Why the Hindenburg Omen Is Hooey


Investors might be atwitter over the so-called Hindenburg Omen, a technical indicator flashing a red alert for an imminent market crash, but the odds of it being right are long to non-existent, experts say.

Jeffrey Saut, chief investment strategist at Raymond James (RJF), has made many adroit calls since the last market crash and rally, and he told clients Monday morning that the Hindenburg Omen is, well, hooey.

"While the various markets can certainly do ANYTHING, it's typically not the snake you see that bites you," Saut writes. "Ladies and gentlemen, when so many people are asking the same 'Hindenburg Omen' question, it is typically the wrong question!"

Lousy Track Record

Meanwhile, Liz Ann Sonders, chief investment strategist at Charles Schwab (SCHW), made it clear to clients that the Hindenburg Omen has a really lousy track record.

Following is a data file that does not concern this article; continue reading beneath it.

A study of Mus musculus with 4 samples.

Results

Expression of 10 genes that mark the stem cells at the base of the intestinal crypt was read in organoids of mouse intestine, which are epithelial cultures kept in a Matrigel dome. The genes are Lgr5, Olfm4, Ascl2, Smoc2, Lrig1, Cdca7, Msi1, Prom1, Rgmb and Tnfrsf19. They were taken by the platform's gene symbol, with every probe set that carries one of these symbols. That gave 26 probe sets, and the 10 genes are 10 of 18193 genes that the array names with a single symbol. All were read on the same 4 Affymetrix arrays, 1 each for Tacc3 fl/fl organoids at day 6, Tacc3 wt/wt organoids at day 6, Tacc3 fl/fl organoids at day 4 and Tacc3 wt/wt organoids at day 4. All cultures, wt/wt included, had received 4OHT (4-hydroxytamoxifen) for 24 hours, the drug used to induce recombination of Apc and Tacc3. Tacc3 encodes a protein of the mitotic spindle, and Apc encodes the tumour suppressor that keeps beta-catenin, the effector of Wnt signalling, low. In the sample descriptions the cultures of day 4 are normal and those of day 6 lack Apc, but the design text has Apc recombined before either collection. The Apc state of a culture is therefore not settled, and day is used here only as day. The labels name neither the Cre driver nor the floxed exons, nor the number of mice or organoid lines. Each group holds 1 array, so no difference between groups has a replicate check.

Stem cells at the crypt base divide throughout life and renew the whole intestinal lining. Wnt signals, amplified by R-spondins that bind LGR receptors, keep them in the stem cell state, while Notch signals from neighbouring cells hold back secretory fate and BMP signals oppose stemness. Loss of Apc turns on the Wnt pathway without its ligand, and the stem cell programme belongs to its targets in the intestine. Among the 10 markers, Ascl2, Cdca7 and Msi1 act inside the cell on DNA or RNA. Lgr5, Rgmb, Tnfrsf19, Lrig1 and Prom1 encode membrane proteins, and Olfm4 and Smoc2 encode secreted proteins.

"This indicator has flashed multiple times during the past 20-plus years when there hasn't been a crash," Sonders writes. "In fact, more than 75% of the time the Omen has been a false signal, according to The Wall Street Journal."

And if you want an opinion from someone who doesn't work for a big brokerage house, Lawrence McMillan, editor of The Option Strategistnewsletter, has found that adherents of the Hindenburg Omen "put so many conditions on it as to render it almost useless."

The indicator has a number of criteria, including that the daily number of new 52-week highs and lows on the NYSE must be both equal to or greater than 2.3% of the total number of NYSE issues that advance or decline that day.

True, the market may very well crash badly and soon, but investors would be wise to position their portfolios based on something more than technical signal with a catchy name -- and little predicative value.